In a recent ASQ member survey, 69 percent of engineers feel that they have the leadership skills that provide a solid foundation for a successful CEO. According to the survey, engineers cite honesty (30 percent), communication skills (20 percent) and the ability to inspire or persuade others (14 percent) as the most important skills for an effective leader. What are the best ways for young people to develop these skills early? Engineers had the following advice to share with engineering students who are interested in leadership roles.
- BIG PICTURE THINKING: While thinking analytically will come naturally as part of an engineering education, students must also learn to focus on the big picture and how you and your team can bring value to your employer. An engineer leader doesn’t necessarily have to be the smartest person in the room but they need to be able to help others reach their potential and help their team achieve goals that they could not accomplish alone.
- COMMUNICATION SKILLS: Focus on strengthening all public communication skills including public speaking and writing. A great way to practice is to get involved in a professional organization to gain group leadership skills. It’s those engineers who can combine their problem-solving skills with persuasive communication that will end up in management positions. “An engineer provides data analysis, but an engineer leader persuades entire groups and organizations to take action based on that analysis,” says an ASQ member engineer.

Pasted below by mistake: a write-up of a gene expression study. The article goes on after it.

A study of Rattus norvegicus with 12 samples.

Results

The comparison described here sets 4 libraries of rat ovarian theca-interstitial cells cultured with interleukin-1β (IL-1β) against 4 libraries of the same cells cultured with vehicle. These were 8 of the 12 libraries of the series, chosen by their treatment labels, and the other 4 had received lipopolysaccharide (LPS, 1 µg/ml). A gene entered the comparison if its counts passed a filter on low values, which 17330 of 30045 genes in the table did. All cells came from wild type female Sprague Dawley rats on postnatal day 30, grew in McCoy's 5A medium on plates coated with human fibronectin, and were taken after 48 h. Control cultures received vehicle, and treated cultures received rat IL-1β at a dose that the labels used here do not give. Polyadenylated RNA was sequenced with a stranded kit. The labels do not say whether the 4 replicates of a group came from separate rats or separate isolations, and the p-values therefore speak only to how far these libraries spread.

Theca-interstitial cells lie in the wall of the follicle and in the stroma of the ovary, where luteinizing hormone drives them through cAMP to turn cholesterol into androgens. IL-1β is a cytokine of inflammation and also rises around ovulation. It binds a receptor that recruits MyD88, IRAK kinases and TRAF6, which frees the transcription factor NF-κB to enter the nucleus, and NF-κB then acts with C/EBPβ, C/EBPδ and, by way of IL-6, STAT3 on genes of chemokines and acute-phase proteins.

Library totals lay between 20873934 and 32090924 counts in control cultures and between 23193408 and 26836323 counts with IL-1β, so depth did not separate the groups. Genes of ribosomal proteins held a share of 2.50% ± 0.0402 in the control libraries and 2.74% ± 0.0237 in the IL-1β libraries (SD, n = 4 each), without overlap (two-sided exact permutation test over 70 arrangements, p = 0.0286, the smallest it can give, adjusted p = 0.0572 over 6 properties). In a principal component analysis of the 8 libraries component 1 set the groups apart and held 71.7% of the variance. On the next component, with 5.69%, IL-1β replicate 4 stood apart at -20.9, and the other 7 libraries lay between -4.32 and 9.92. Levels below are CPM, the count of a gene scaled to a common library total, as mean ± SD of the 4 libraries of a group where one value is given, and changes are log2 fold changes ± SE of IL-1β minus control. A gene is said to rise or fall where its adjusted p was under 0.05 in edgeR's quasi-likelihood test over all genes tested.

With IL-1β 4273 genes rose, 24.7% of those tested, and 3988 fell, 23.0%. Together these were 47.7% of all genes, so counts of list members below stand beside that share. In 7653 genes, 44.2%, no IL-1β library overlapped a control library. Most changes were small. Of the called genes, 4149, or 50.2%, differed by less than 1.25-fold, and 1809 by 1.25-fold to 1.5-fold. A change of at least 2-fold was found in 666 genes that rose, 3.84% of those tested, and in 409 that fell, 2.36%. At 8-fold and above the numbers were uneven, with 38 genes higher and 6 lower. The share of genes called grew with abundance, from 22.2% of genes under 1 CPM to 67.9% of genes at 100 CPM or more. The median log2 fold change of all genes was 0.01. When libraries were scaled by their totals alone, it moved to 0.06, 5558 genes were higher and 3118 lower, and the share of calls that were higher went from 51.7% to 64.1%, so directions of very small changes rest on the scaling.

- FIND A MENTOR: Look for someone in a leadership role that you admire and study them as much as possible. The best way to learn about leadership is by seeing it demonstrated in real life, not out of a book. “Always look to others who have integrity and respect for other people,” says an ASQ member engineer. “Find an individual who has the heart of a teacher and will spend the extra time to help you learn.”
- BUSINESS EDUCATION: Take business courses or consider getting a Master’s of Business Administration degree to improve your management and people skills beyond the more quantitative work completed in engineering courses. “Engineers tend to be too honest. They say what they think. CEOs say what needs to be heard,” notes one ASQ member engineer. “A business management degree can help mitigate this issue by training engineers to see multiple sides of an issue.” In fact, most engineers who responded to the ASQ survey said that if they could have taken only one non-engineering course that would have made a difference in attaining leadership skills, it would have been a business administration course.
- LIBERAL ARTS: The most effective leaders are well-rounded with interests beyond engineering. Try to find the opportunity at some point to take some liberal arts courses like English, foreign language, history and social sciences. As the world becomes more complex, engineers must appreciate more than ever the human dimensions of technology, have a grasp of global issues and be sensitive to cultural diversity.
- RELATIONSHIP-BUILDING: Building teams and cultivating relationships is a vital skill that engineer leaders need to have. Start early by taking on leadership roles in group projects and student organizations. This will help you to establish a better understanding with people in different disciplines so you can relate to the challenges others face and determine how your role interplays with theirs.
ASQ is a global community of people dedicated to quality who share the ideas and tools that make our world work better. With millions of individual and organizational members of the community in 150 countries, ASQ has the reputation and reach to bring together the diverse quality champions who are transforming the world’s corporations, organizations and communities to meet tomorrow’s critical challenges. ASQ is headquartered in Milwaukee, Wis., with national service centers in China, India, Mexico and a regional service center in the United Arab Emirates. Learn more about ASQ’s members, mission, technologies and training at asq.org.